CIPFA calls for more taxes to be ploughed into social care and health

16 Mar 18

Social care and health could benefit from a £14bn boost if an increased proportion of government cash was funnelled towards it, CIPFA has said.

By increasing the proportion of centrally collected taxes going to social care and health from 22% to 24% a “more stable and adequate means of long-term planning” could be achieved, the institute said in a submission to a joint select committee inquiry.

“Public funding has not kept pace with the demographic demands” and “the right long-term investments are not being made to the extent required”, CIPFA wrote to the health and communities and local government inquiry into the long-term funding of adult social care.

It suggested finding “a mechanism, such as setting a minimum percentage of GDP or tax take to be spent on health and social care”.

“For example, setting the tax take dedicated to social care and health at 24% rather than the current 22% would enable an extra £14bn to be invested, which is in line with CIPFA’s assessment of what the system is likely to need,” the submission stated.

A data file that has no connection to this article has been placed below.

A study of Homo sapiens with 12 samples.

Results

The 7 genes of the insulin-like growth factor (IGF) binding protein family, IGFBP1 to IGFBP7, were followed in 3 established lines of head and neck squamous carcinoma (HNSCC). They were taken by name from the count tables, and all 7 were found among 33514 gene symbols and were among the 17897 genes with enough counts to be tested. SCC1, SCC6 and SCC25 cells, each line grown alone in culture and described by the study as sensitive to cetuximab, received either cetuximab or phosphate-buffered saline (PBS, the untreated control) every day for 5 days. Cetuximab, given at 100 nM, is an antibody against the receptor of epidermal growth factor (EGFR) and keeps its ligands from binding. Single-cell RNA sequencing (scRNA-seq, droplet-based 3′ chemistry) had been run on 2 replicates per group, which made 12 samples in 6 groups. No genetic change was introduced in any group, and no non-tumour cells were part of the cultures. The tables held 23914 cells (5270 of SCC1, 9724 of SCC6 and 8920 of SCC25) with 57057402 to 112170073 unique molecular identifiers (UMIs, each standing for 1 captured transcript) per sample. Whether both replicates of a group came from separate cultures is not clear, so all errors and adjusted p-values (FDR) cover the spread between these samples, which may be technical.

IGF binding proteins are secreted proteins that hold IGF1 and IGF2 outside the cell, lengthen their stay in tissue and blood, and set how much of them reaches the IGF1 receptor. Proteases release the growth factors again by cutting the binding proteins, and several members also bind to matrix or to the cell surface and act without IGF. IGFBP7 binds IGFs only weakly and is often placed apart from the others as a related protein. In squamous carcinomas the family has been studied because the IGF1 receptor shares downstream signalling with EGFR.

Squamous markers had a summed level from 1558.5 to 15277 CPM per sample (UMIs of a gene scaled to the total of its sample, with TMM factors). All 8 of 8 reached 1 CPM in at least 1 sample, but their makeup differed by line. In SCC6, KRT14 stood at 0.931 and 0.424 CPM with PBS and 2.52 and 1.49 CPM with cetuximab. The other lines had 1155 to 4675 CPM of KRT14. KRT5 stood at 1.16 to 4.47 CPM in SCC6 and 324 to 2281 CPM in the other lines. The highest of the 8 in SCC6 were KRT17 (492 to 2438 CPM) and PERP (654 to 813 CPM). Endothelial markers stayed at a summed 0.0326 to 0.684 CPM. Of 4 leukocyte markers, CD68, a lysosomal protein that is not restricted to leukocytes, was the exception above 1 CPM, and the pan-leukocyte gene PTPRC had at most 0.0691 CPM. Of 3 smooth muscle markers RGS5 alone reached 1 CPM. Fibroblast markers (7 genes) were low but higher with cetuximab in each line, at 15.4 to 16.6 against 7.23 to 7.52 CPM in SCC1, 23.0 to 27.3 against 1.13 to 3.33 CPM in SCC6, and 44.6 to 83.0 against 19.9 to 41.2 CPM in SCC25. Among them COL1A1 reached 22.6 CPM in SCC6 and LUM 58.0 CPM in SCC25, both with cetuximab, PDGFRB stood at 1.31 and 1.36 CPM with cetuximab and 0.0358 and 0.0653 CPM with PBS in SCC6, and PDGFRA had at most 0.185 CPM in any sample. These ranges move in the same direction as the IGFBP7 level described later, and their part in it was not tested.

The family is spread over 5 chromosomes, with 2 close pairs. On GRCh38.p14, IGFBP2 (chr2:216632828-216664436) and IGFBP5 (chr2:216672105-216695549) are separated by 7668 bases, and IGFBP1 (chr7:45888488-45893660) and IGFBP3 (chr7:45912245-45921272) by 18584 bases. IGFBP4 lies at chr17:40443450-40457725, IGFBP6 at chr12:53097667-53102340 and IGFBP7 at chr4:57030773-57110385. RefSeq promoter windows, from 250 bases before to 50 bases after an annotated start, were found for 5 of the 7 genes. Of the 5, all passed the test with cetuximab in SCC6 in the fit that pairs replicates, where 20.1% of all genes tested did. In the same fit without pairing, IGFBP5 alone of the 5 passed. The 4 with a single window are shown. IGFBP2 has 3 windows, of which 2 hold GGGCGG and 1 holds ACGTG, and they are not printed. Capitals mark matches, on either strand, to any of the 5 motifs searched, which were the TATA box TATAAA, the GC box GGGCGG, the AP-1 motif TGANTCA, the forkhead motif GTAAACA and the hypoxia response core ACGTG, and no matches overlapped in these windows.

However, the institute said it would not ask for the money to be ring fenced because “councils were best-placed to prioritise their spending”.

CIPFA also asked for spending programmes that support older people, such as the triple-lock on pensions and Winter Fuel Allowance, to be reconsidered, “reallocating funds based on need and effectiveness”.

Rob Whiteman, CIPFA chief executive, said: “No stone should be left unturned.

“The government must have the courage to evaluate current spending programmes, such as the Winter Fuel Allowance, in terms of their effectiveness and question whether money could perhaps be better spent elsewhere.”

He also said the social care green paper, due to be published this summer, was “our best hope at ensuring there will be a long-term solution to the social care funding crisis”.

He added: “It is vital that the government seize the opportunity to make real and lasting change by exploring more radical funding options. Including, increasing the sector’s tax take.”

The inquiry is being held ahead of the green paper to identify reforms that “will command broad consensus”.

The deadline for written submissions was Wednesday last week.